Guatemala Journal



7 febrero
Protests have been taking place against a large gold mining company, who recently began developing a mine without input from surrounding residents concerned about impact on the environment. In San Marco, one person was killed and many injured after campesinos (usually translated as peasants, but I think of it more as countrymen) blocked the Pan-American highway to stop the delivery of equipment to the mine. The government came to the support of the company, arresting many and causing more protest activity. A prominent American right wing radio talk host, who often belittles nonprofit do-gooders that struggle here to make a difference, denounced the concerns of the villagers -- make way for progress. In the city, there are often road blocks constructed by protesters trying to bring various injustices to the public eye. We usually know ahead of time to leave early for work, or take another route where possible, it is a way of life and the only voice the campesinos have found to call attention to their cause.

The saddest part of life here though, is an epidemic of murders that are unsolved, and little effort seems to be made to solve them. Many are politically motivated, threats and murders accompany elections and major issues, fear is a weapon that silences here. The supreme court has just ruled that, contrary to earlier interpretations, 12 army members accused of massacres in villages in the civil war cannot be prosecuted, and have been set free. No one is ever responsible. The rapid spread of Central American gangs are suspected to be the perpetrators of record numbers of murders of young Guatemalan women in the past few years. These gangs grew from deported gang members from Los Angeles who brought their violence from the US to these small countries already plagued with problems.

12 febrero
A short weekend road trip brought me strolling through two villages not too far from the city. The lovely little hotel with plenty of room to wander in Tecpan was relaxing, except for the sound of the trucks honking at each other on the highway. I spent a lot of time swaying in a hammock reading. Climbing the hill to the town, the streets of the poor village bustled with market activity - overflowing fruit containers, natural earth colored pottery stacked in bins, woven baskets dangling overhead, fresh fish in piles and meat mounted on hooks. In the town center, a soccer (futbol) game was in progress, girls in uniforms, surrounded by spectators. As in other villages, the men wore western dress, the women hand woven clothing, right down to the youngest members of the family.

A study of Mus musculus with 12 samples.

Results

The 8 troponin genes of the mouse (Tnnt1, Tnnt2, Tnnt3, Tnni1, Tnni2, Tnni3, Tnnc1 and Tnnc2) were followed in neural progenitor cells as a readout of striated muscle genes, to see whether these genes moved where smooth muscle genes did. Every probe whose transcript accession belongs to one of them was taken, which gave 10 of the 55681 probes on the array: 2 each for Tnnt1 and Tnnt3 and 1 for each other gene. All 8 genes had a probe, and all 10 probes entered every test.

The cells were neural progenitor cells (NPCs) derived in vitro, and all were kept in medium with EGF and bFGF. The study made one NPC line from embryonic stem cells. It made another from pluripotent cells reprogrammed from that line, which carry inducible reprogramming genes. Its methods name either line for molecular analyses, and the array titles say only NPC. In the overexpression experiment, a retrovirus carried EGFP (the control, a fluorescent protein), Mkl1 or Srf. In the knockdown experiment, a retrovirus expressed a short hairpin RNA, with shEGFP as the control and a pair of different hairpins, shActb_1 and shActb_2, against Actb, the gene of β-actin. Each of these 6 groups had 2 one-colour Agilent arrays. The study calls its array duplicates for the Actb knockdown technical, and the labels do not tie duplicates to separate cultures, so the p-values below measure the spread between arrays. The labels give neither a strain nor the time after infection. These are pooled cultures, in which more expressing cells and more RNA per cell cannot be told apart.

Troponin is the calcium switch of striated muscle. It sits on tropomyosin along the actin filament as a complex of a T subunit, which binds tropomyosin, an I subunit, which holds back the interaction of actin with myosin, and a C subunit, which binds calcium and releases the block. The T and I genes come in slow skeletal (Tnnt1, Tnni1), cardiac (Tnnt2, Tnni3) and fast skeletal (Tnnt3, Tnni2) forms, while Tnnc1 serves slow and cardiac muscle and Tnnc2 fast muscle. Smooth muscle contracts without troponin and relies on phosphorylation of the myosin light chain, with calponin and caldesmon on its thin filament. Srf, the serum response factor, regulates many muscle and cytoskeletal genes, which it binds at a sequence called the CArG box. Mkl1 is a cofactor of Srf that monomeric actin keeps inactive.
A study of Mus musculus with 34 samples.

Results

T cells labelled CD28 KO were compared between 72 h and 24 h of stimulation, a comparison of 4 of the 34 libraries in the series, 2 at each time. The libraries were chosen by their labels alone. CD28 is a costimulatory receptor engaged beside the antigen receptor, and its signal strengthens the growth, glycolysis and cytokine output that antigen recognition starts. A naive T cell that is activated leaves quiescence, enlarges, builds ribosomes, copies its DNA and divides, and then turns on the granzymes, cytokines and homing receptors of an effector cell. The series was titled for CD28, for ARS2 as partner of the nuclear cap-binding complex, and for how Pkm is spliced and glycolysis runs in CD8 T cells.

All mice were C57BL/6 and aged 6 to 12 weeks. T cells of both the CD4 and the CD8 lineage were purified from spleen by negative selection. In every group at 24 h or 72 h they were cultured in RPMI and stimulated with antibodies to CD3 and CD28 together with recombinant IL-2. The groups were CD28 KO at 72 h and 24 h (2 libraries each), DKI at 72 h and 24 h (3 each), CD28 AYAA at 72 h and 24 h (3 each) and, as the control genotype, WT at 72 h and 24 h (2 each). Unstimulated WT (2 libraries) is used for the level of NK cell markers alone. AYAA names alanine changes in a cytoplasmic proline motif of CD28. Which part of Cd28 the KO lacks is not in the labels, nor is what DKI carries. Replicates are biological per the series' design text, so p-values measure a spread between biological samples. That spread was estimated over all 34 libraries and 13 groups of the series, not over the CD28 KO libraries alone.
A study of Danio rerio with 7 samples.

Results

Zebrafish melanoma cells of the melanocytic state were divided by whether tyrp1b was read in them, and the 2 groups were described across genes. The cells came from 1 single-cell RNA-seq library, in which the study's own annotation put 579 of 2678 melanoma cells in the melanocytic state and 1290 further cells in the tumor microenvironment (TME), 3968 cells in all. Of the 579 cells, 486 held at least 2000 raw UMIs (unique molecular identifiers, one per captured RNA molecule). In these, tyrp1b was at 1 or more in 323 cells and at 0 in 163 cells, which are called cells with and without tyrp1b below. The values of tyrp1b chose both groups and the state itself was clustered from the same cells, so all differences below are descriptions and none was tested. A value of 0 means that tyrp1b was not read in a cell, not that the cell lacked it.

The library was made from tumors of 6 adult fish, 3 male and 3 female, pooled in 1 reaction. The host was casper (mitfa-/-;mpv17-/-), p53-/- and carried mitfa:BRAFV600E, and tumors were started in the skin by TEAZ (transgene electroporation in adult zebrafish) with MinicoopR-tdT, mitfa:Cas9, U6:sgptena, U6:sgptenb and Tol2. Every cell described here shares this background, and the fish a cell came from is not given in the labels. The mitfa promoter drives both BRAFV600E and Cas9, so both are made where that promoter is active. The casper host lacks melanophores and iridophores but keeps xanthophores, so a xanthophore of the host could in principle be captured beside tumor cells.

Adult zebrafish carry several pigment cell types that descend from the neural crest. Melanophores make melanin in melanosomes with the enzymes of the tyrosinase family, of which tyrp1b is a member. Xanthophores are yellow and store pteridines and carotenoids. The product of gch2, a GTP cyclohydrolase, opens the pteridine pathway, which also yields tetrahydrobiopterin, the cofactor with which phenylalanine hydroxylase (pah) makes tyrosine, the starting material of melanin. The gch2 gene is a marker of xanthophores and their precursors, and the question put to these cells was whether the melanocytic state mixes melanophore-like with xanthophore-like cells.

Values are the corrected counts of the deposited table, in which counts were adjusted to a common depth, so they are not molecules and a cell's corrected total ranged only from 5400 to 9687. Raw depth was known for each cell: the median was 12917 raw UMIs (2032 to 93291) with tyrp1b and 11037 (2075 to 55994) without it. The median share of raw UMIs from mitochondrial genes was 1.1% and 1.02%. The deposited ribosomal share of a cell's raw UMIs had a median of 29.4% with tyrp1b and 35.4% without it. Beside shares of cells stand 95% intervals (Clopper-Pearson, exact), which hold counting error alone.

Sunday morning driving back, we detoured through Comalapa - home of the Perens, a family of artists. In fact, we appeared to be in a town of artists, with painted walls, and many galleries of primitive local arts depicting detailed village scenes in bright colors. In their own gallery, the Peren men showed us their beautiful works, each painting telling its own story of village life and events. Beyond the stalls in the marketplace, women sat on blankets on the dusty ground. Instead of variations on one design that identified the area, the women wore huipiles from different towns, although all wore the same pattern corte or wrap around skirt.

The most amazing sight in Comalapa is the mural along the cemetery walls. Starting with the dawn of time as described in Maya legends, its panels covered the corn growers and Mayan builders, arrival of the Spanish with their death and destruction, the emergence of the church, heart rending images of killings and atrocities of the last few decades, people pinned under their homes in recent earthquakes, ending with doves of peace. And then continuing past the gate with panels of hope - education, technology, reading, learning, children and families.